February 6, 2018
Happy Birthday to the King of Reggae- Robert Nesta Marley6 min read
It’s been many years since Bob Marley died, but his legacy still lives on. His uplifting reggae music has been used to help thousands of famine victims in Africa. His face is worn on t-shirts, hats and watches as a popular symbol of peace. Even ocean critters and spiders have been named after him.
The Jamaican singer-songwriter was just 36 when he died of a rare form of cancer in 1981. In his lifetime he never even got a Grammy nomination. It wasn’t until 2001 that he was awarded a Grammy Lifetime Achievement Award for his artistic contributions to the music industry. Marley, who would have turned 73 today, sang about everything from love to freedom to self-reflection.
A few of his most popular lyrics include ‘Emancipate yourselves from mental slavery, no one but ourselves can free our minds’, ‘Don’t gain the world and lose your soul. Wisdom is better than silver and gold’, ‘The road to life is rocky, and you may stumble too. So while you point your fingers, someone else is judging you’, ‘You can fool some people sometimes. But you can’t fool all the people all of the time’, ‘Don’t worry about a thing, ’cause every little thing gonna be all right’. Indeed and there has been a full day of activities is planned at 56 Hope Road, in recognition of the reggae icon’s birthday. In keeping with this year’s ‘Soul Rebel’ theme of the Bob Marley birthday celebrations, the symposiums scheduled for today at the Bob Marley Museum will centre around those two words.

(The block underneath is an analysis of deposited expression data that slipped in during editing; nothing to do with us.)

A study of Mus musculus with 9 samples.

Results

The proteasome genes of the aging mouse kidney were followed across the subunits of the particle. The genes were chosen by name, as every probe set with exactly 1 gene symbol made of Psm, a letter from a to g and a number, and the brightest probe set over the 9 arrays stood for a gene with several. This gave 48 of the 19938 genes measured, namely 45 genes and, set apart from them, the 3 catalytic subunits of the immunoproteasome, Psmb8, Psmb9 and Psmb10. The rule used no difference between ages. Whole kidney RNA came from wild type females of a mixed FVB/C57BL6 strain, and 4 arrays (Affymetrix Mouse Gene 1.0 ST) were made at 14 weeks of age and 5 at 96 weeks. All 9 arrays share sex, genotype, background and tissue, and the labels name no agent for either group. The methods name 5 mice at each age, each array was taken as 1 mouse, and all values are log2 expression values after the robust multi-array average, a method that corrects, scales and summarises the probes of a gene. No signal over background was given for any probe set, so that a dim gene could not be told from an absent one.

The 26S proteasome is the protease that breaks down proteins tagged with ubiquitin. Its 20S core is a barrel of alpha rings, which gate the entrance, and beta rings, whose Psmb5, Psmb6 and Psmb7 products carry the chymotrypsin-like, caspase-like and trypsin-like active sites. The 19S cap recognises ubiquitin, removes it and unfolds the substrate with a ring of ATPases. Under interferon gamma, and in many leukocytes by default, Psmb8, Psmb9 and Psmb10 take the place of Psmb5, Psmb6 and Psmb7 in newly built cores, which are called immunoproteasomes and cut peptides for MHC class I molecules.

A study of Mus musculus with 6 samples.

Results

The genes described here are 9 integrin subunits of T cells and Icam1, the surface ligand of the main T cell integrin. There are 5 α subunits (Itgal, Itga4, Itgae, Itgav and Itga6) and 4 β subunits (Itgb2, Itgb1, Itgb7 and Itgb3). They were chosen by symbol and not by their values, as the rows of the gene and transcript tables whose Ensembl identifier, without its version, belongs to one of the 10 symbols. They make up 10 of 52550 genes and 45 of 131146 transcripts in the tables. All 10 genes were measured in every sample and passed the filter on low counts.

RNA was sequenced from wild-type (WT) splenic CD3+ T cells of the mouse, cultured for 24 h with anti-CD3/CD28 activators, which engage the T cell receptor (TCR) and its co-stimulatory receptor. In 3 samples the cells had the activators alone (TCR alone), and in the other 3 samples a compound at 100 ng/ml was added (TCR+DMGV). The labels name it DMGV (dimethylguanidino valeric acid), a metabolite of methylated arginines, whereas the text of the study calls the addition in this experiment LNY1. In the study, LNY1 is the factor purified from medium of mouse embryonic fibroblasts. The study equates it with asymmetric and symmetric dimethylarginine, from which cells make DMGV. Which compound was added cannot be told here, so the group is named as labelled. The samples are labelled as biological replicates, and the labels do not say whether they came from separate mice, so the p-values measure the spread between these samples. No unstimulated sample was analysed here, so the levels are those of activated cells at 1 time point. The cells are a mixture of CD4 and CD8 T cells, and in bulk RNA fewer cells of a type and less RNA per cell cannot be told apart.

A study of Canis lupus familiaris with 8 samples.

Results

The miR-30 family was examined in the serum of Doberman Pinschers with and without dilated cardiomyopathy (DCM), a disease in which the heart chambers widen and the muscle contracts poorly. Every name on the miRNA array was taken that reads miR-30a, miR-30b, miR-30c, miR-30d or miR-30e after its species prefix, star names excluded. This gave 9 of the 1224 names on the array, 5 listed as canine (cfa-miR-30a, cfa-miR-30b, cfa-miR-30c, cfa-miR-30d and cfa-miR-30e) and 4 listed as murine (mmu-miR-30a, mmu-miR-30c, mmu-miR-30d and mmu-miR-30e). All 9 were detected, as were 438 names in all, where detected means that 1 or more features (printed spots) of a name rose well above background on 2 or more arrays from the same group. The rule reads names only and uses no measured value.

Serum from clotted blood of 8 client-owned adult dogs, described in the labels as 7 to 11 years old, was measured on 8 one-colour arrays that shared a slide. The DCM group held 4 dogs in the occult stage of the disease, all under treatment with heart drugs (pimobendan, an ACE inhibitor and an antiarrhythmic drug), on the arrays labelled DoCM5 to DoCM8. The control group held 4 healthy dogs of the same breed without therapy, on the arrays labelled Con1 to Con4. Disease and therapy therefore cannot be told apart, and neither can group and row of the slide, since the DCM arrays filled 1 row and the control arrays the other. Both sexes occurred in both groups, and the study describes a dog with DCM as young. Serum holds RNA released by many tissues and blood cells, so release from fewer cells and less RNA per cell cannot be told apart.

There are three sessions planned, the first of which started at 11 a.m. The first discussion will see an all-female panel, including fitness expert Kamila McDonald and Tracy-Ann Hall, a trained automobile technician and teacher. They will be discussing issues affecting women and how they overcame obstacles on the road to success under the theme ‘Soul Rebel is a woman’.
Immediately following that is the ‘Soul Rebel and the Culcha Clash’ discussion, featuring the likes of South African singer Jessica Mbangeni, and music industry insider Junior Lincoln.
The session will seek to discuss issues surrounding the globalisation of reggae and its impact on other cultures.
The third and final session which started at 2 p.m. and will discuss the topic ‘Soul Rebel … the enlightened man’. The panellists will include Dr K’adamawe Knife, senior lecturer in the faculty of social science at the University of the West Indies, Mona campus, and communications consultant, Krystal Tomlinson. Throughout the day, the museum will provide a kiddie’s village, complete with wall painting and a mobile zoo (with animals provided by the Hope Zoo).
From 3-10 p.m., the concert segment of the day will take place. Along with performances by this year’s ambassadors Adazeh and Blvk H3ro, the concert will also feature Agent Sasco, Bugle, Fantan Mojah, Junior Reid, and others. Skip and Stephen Marley will also join in on the festivities via live stream.
Other than the Kingston events, there will be activities to celebrate Marley’s birthday in Nine Mile, St Ann where the singer was born. There is also a concert planned for New York City featuring Dre Island.